View the document(introduction...)
View the documentEating and drinking
View the documentPreparation of food
View the documentPersonal care Aids
View the documentClothes which can help disabled people
View the documentCommunication and reading and writing aids for disabled people
View the documentSitting aids for disabled persons
View the documentGames
View the documentAids for the Blind
View the documentGardening
View the documentCrafts

Eating and drinking

Plate ring

Scooping up food with a spoon or fork can be made easier for one-handed people or people with a coordination problem by using an upright partial ring on the plate. The ring is made of a curved aluminium or plastic strip of 4 centimetres high. Punch three holes into it and fasten three clips onto the strip. Strap the ring on the plate by connecting the clips with rubber bands. (This will also keep the plate from sliding away.)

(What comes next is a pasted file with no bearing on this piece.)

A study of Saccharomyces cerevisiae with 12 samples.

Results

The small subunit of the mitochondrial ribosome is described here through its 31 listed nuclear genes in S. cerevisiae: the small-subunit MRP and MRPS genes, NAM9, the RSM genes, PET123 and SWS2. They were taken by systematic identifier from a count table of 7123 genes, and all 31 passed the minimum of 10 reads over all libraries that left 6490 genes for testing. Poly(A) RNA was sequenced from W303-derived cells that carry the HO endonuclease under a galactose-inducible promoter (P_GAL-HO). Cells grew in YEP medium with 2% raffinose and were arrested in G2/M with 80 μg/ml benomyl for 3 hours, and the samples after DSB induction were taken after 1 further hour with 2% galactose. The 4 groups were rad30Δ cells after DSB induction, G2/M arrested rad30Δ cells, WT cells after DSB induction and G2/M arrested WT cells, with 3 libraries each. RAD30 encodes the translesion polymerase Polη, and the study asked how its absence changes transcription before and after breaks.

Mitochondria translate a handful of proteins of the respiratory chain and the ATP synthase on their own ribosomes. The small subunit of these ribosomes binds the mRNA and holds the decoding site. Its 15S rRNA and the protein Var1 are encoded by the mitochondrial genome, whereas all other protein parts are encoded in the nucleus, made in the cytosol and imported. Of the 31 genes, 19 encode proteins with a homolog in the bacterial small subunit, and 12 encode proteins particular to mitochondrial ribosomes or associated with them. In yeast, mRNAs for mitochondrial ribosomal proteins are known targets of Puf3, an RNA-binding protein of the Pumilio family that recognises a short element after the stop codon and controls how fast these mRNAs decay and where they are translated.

Cup holder

If someone has difficulties holding a cup, a large handle which fits the entire hand may be attached to the cup. Use metal or pliable plastic. One can also make two handles, for people with coordination problems.

Utensil holder

For people having trouble holding eating devices or bringing a spoon or fork to the mouth, adaptations are helpful. Spoons, forks and knives can be thickened by using wood, rubber or bamboo to ease the grip. One can also make a utensil holder for slipping one's hand through. This holder can be made from a strip of flexible leather or a piece of rubber band onto which a tunnel of elastic band has been sewn. A fork or spoon can also be bent in another position to ease the grip.

Swinging tray

This tray is useful for people who can only use one hand or who have tremor or coordination problems. It can be made from a plastic or metal tray. It may not look stable, but spilling is reduced to a minimum. Check the balance very carefully.